Image
The new EPA effluent limitation guidelines have transformed not only the way in which sediment control plans are designed, but also the way construction sites are managed altogether. Photo: iStock.com
Image

Owners are now expected to be able to prove that their plans for limiting stormwater turbidity work. Though expected to reduce the amount of sediment flowing from the nation's construction sites by 4 billion pounds each year, this requirement will cost owners and contractors about $953 million.

Since 1991, construction sites have been considered industrial activity with pollutant discharges that are regulated under the Clean Water Act's NPDES stormwater permit program. Previously, permittees relied on local programs and best management practices to control sediment, nutrients, and turbidity.

EPA's recent effluent limitations guidelines (ELG) and new source performance standards (NSPS), however, require permittees to report the effectiveness of total site pollution controls. The requirements don't dictate specific technologies but instead limit the maximum daily turbidity level in discharges from sites 10 acres and larger to 280 nephelometric turbidity units (NTU).

Although EPA issued a temporary stay of the sampling and a 280-NTU numeric limit Jan. 4 while it revisits analysis of the data that led to the 280 NTU standard, the agency intends to make the revised limitation effective by June 29.

Compliance will require additional effluent sampling. For some projects, particularly those in areas with fine-grained silt and clay soils, compliance may require rethinking the overall approach to erosion and sediment control.

Owners who exceed the limit will be required to provide a detailed assessment of site conditions as well as a plan for immediate remediation. If noncompliance continues, state or local sediment control inspectors (such as the local permitting authority) will impose penalties. Fines for violation of the Clean Water Act and related environmental regulations vary by state; in Maryland penalties range from $2,500 to $25,000 per day of violation; Utah reports penalties of $32,500/day.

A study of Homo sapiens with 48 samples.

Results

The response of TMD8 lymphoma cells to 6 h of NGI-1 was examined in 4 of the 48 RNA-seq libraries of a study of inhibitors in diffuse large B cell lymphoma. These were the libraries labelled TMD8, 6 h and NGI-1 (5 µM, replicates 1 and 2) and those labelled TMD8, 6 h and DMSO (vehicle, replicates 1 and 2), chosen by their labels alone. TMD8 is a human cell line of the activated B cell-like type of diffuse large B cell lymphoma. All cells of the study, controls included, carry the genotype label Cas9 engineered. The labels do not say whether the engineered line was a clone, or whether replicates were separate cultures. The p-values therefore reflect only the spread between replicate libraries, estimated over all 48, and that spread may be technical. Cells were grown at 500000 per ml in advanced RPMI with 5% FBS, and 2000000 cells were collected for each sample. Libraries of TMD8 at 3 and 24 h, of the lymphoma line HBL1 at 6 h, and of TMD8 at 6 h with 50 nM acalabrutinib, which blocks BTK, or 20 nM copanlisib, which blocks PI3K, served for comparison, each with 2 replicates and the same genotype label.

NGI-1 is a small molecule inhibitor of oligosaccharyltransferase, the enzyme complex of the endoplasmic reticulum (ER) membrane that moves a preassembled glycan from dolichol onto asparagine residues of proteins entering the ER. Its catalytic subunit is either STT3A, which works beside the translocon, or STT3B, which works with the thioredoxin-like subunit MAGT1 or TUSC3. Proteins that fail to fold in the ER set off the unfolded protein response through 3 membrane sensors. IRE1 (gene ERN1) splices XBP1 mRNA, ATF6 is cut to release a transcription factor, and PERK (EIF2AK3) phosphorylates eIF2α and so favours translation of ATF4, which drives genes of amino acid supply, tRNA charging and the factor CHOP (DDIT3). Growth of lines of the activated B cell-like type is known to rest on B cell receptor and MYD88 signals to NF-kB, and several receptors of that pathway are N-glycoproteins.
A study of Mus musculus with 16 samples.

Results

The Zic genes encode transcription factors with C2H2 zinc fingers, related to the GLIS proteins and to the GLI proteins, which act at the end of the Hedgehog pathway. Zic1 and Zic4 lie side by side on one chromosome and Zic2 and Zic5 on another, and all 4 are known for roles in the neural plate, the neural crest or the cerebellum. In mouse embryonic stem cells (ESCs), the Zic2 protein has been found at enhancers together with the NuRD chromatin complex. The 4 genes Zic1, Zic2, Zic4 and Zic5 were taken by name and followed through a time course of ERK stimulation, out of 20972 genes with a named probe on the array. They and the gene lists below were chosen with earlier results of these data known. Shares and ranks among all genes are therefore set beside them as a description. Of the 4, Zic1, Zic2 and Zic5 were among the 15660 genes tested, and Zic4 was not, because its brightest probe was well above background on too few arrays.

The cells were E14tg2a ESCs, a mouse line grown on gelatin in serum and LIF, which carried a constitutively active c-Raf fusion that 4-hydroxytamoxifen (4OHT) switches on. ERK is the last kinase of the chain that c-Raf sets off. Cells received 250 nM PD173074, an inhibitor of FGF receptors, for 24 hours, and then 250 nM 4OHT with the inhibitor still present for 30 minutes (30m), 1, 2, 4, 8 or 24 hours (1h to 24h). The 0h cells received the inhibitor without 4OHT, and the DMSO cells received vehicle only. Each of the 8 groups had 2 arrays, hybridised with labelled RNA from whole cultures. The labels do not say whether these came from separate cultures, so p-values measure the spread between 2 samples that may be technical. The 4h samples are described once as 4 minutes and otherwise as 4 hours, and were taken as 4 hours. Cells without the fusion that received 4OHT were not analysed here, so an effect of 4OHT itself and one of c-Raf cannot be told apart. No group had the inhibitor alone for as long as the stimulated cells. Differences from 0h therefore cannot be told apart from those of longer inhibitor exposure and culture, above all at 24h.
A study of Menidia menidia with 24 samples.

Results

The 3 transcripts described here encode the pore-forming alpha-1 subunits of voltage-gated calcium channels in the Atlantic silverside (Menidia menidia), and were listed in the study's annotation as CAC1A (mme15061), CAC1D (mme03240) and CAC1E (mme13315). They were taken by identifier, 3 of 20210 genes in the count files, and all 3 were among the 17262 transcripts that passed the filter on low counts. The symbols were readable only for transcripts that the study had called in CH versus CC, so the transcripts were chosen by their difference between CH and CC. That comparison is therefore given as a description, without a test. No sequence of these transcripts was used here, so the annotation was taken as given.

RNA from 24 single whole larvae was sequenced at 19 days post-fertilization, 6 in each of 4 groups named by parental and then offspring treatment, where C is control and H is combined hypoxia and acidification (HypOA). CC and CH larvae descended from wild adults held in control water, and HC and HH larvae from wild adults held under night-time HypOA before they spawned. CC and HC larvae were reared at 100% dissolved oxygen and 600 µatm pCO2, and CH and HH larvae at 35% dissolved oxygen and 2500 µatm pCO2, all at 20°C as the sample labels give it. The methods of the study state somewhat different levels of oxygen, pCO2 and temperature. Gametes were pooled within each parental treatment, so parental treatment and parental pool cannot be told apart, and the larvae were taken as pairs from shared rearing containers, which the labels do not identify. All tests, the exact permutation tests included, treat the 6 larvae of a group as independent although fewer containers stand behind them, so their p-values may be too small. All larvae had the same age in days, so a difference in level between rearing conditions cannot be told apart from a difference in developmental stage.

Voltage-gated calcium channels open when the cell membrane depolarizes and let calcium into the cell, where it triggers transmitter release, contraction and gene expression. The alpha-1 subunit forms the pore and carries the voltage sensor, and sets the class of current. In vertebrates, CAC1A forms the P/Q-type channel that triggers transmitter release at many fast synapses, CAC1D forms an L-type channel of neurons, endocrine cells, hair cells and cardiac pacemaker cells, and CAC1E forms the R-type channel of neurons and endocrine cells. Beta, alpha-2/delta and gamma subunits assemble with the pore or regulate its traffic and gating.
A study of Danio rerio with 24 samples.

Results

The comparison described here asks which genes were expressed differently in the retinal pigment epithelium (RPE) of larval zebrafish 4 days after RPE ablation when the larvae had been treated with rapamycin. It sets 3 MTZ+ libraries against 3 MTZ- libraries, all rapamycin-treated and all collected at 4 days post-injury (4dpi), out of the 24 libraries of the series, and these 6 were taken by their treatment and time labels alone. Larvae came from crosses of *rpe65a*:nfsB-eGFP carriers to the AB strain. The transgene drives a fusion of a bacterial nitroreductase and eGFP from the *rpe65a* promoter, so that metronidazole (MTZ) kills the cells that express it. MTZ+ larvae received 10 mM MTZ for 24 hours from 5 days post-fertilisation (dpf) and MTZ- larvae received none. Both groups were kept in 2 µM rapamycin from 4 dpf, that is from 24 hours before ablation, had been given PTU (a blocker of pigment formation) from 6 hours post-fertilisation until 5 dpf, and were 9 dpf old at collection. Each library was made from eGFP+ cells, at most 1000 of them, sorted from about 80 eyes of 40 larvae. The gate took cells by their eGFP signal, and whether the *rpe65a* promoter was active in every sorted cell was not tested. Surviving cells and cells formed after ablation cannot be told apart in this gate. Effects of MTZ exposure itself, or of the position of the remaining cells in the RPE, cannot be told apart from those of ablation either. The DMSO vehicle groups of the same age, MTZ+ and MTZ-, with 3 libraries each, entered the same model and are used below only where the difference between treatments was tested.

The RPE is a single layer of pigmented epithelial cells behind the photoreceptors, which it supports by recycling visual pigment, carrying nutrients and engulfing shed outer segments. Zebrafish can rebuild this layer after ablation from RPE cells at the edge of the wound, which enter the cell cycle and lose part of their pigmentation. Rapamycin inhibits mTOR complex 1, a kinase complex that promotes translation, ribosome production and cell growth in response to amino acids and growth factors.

During the summer of 2008, our firm developed the erosion and sediment control plan for the Maryland Transportation Authority's I-95 express toll lane project, which began in 2006 and is slated to run through 2014. The agency contacted us when summer thunderstorms resulted in public outcry over sediment runoff upstream. The community assumed the project was the source, but we demonstrated that our sediment controls were functioning and were not the source of the discharge — proof that managing sediment onsite and inspecting and maintaining pollution controls is time well spent.

Using our experience with community watershed groups and large-scale public works construction projects, we've developed strategies that can help you prepare for increased community and federal attention to sediment pollution, including how to:

  • Evaluate how the project can be built within the existing landform with minimal clearing and grading. Vegetation that doesn't need to be cleared to accommodate the new construction, particularly at the project perimeter, provides an important vegetative filter to prevent offsite discharges of sediment-laden water.
  • Stabilize bare soil areas daily and convert them to permanent vegetative cover.
  • Specify best management practices, such as chitosan- and polymer-enhanced filtration, that are most effective at removing fine-grained materials.
  • Increase the capacity of onsite controls by using more than one.
  • Stay abreast of weather forecasts and manage the volume in sediment basins to maintain a minimum capacity for incoming sediment and storm-water. You can do this by fitting the outfall with a floating outlet and filter bag that takes water from the surface rather than from the bottom of the basin and/or passing discharges through a series of basins, which improves water clarity progressively. (You may have to use flocculating agents to settle the finest particles.)
  • You have the flexibility to select management practices and technologies best suited to site-specific conditions. Focus first on combining both best management technologies and site management practices to prevent fine-grained sediment from entering stormwater, then implement measures that remove it once it is entrained in stormwater.

    The standard set by the ELG is 280 nephelometric turbidity units (NTU), a level that is very difficult to achieve in silty and clay-like soil areas. With the new effluent limitation guideline, contractors and owners face being cited for violation of the Clean Water Act, a far more costly consequence.

    — Eileen Straughan (estraughan@straughanenvironmental.com) is founder of Straughan Environmental, a consulting firm that provides environmental planning, permitting, and mitigation design services throughout the mid-Atlantic region.